I was told by my doc that it isn't due to any fear of infection but because of the temperature of the tub. If your body goes over a certain point of hotness for a given amount of time, that is not good for the baby, whether it gets there because of hot water, hot weather, having a fever, or sleeping under too many blankies. (I think that the temp is over 104 degrees.) This is why saunas and hot tubs are contraindicated during pregnancy. I asked specifically if it would matter if I took a bath if I kept the temperature cooler than usual, and my doc said that would be fine.
showering is meant to be better for you in that respect. but hey every woman loves a nice long soak in the bath once in a while. i suffer with yeast infections and bv i stopped bathing every day and took showers, i only had a bath now and again. it seems to have got better b/c of this. unless you suffer with infections i wouldnt worry.
I love to soak in a tub, but like Annie mentioned, if pregnant the temp needs to be cooler than normal. I generally draw a bath, soak in it for a while shave and finish with a shower to wash my hair and such. Heck, I have a male friend who only takes baths so it isn't just the ladies who likes baths ; )
I never knew about that (Im in UK maybe drs arent up to speed here) but I used to take baths all the time when I was preg and I like it pretty warm, not boiling but quite hot. Can this affect the baby, could this of been why I lost my first one? (they said there was calcifications in the placenta but I didnt want my son autopsied)
Wow Il have to remember that. The only thing I was told about baths was that they are good for trying to bring on labour if the waters are still intact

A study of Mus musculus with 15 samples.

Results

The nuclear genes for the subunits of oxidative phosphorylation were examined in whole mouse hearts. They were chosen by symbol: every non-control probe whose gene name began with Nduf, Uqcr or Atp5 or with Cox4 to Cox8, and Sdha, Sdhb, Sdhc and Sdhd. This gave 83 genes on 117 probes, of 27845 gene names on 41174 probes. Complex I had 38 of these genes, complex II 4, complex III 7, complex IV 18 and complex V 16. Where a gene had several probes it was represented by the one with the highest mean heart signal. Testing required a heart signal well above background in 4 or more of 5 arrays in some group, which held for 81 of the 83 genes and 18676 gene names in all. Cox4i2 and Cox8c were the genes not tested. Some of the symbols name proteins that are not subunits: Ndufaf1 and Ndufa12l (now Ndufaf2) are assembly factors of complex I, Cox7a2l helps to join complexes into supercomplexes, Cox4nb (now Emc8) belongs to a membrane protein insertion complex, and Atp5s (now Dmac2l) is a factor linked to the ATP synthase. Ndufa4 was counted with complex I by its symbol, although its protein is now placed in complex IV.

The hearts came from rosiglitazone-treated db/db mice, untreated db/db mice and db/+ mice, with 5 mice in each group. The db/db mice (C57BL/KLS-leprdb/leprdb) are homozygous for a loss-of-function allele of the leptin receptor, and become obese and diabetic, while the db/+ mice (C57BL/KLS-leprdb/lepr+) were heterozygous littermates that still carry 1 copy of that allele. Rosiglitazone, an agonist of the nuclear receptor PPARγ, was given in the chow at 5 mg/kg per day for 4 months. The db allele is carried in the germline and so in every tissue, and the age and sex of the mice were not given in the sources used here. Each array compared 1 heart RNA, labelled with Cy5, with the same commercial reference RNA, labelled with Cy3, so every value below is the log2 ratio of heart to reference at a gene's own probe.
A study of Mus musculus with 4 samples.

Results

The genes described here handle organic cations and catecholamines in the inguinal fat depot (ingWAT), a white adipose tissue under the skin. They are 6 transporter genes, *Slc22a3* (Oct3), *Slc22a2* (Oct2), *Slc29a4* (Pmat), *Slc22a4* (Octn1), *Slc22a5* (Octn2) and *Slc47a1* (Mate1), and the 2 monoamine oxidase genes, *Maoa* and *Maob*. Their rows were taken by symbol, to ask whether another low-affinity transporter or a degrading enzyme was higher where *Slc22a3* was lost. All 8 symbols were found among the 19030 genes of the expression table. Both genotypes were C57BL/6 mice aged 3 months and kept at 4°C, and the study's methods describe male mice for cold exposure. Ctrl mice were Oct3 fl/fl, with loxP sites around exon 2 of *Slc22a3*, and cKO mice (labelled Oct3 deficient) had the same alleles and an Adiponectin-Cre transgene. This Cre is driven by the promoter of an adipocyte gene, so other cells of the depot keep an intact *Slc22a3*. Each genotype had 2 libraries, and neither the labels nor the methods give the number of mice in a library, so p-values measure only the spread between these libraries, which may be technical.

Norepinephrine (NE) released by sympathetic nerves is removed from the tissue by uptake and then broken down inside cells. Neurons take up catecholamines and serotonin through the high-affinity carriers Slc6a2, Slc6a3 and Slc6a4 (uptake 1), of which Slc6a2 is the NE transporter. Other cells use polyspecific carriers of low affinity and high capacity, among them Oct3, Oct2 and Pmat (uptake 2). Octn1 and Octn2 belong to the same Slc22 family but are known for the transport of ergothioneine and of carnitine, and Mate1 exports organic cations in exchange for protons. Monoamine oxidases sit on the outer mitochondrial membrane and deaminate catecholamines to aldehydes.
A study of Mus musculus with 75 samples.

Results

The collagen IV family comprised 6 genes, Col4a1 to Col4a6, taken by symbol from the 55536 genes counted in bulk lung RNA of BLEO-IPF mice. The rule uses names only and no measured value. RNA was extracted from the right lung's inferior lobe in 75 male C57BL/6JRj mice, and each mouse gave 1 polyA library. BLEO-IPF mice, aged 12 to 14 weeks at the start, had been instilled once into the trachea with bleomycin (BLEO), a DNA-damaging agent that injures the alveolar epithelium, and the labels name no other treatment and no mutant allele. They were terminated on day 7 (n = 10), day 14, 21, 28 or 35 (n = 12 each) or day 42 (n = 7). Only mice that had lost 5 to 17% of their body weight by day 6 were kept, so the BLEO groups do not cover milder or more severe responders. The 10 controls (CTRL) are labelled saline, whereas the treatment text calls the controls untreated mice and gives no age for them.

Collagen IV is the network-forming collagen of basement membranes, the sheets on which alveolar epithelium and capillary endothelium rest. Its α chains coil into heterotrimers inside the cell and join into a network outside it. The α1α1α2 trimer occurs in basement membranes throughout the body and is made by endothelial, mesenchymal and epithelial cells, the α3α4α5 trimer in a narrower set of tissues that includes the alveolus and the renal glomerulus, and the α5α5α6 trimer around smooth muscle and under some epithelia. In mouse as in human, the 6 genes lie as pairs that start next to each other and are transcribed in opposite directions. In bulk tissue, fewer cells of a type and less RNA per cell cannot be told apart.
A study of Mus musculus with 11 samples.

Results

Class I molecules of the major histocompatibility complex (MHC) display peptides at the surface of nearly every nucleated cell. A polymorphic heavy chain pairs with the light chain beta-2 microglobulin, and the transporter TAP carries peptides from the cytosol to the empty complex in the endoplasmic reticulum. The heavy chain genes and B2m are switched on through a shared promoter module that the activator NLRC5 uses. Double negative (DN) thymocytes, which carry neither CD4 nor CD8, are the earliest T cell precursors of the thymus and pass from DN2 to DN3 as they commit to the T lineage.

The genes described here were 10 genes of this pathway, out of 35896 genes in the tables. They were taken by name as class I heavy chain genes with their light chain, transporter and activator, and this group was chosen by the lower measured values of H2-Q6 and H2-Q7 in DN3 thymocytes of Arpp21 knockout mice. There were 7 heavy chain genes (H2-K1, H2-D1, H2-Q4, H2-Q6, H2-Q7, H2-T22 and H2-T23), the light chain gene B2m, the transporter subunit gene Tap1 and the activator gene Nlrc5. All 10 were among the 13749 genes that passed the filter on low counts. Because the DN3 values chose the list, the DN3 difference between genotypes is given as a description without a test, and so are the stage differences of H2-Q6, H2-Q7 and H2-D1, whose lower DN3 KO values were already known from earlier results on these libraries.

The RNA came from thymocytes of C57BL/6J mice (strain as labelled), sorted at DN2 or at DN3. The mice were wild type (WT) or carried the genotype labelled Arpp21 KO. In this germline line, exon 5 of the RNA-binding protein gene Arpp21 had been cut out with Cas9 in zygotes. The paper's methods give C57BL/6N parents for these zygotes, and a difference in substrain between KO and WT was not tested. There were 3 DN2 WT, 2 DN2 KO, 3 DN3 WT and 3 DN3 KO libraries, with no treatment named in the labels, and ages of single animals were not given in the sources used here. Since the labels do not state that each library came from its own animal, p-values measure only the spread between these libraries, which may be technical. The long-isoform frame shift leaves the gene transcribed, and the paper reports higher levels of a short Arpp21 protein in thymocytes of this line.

I was curious about whether there was a correlation between the timing (early middle or late pregnancy) and the caution about overheating. When I was looking, here's what it said about baths:
"According to the Organization of Teratology Information Services, a body temperature of 101º F and above can raise concerns during pregnancy. Some studies have shown an increased risk of birth defects in babies of women who had an increased body temperature during the first trimester of pregnancy.
The American College of Obstetricians and Gynecologists states that becoming overheated in a hot tub is not recommended during pregnancy. ACOG also recommends that pregnant women never let their core body temperature rise above 102.2º F. Hot tubs are often factory programmed to maintain a water temperature of approximately 104º F. It takes only 10-20 minutes in a hot tub to raise your body temperature to 102º F or higher. To maintain a steady temperature, water is circulated and re-circulated through the hot tub to pump out cold water and pump in hot water.
So, is a hot bath safer than using a hot tub?
A hot bath, which is not uncomfortable or scalding, is a safer way to relax. In a bath much of your upper body will remain out of the water, making you less likely to overheat. Additionally, the water in a bath begins to cool off, as opposed to a hot tub, further reducing any risk of overheating."
So don't second-guess your m/c in relation to baths; it sounds like even if you sat for a long time in a 104-degree hot tub, the potential catastrophe would be birth defects not miscarriage, and you weren't doing that in any case. It doesn't sound like taking baths had a thing to do with it.